One item that still seems lost on people here is galvanic corrosion. I have mentioned it on a couple theads on this forum, but it needs to be said again. If everything is made out of a single metal, say aluminum, it is not a problem. But, if you have 2 metals like steel and aluminum in contact, and these metals are in contact with salt water,
then you have what is known as a galvanic cell. With a galvanic cell, the sacraficial metal (aluminum in the case of steel/aluminum cell) corrodes very rapidly. I don't know the situation with a boom, but I do know that the AI has numerous steel/aluminum connections. This is asking for trouble in a saltwater environment.
Hobie has been very generous with me and my corrosion problem--they deserve their reputation for outstanding support. And, I am very thankful for Hobie's hosting this forum for users to exchange information. The information on this forum is invaluble. I and others have expressed this opinion frequently. So, I am bringing up this potential corrosion problem with constructive intentions.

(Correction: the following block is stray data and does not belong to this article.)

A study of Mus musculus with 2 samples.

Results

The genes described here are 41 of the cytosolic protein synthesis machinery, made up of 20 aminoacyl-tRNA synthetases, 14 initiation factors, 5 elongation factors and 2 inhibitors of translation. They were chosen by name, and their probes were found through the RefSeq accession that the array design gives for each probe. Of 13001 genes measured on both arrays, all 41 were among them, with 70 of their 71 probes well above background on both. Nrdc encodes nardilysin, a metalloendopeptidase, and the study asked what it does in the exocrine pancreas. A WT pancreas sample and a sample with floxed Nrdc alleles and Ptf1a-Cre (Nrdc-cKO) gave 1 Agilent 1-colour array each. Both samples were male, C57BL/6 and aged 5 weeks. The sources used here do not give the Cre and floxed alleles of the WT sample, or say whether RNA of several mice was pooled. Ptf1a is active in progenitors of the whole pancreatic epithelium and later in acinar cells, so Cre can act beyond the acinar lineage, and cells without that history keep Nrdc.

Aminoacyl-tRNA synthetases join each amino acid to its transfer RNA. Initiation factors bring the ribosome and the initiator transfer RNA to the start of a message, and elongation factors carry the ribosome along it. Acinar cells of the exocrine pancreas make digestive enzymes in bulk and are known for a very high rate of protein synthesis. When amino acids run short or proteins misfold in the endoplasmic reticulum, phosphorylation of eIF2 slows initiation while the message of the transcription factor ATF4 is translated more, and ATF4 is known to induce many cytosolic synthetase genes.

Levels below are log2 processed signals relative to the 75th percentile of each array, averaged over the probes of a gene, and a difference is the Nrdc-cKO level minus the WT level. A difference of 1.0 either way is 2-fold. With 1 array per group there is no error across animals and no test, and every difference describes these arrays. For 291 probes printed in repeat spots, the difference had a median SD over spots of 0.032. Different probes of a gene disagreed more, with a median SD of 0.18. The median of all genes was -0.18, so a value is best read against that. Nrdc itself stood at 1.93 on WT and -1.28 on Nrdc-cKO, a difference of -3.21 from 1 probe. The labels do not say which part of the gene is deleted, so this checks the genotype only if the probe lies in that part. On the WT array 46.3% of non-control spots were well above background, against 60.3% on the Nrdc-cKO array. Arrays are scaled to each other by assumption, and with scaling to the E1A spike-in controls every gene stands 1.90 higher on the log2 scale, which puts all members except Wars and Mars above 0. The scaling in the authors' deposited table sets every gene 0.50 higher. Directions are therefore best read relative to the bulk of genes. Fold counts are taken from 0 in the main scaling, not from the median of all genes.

My use is special. I only do multi-day kayak camping trips. Most of the trips have been outlined on my thread about "expedition" kayaking: http://www.hobiecat.com/community/viewtopic.php?t=7276&postdays=0&postorder=asc&start=15
Of course, on these multi-day trips I cannot wash my equipment at the end of each day. Further, I only sail in saltwater, so corrosion problems are going to be amplified 10-20 times compared to fresh water.
Now back to the "hole." This unpainted aluminum surface which, through conduction, is in contact with steel (the steel hinge pin and screws) will cause undue corrosion when used in saltwater. I am going to try to prevent that corrosion by (1) attaching zinc anodes to the xbars, and (2) sealing the 3/8" hole with marine silicone sealer. I also intend to seal the 4 holes of the jam cleats and the 2 holes of the paddle cozy with the silicone sealer.
Hopefully, a year from now I will be relatively corrosion free. We will see.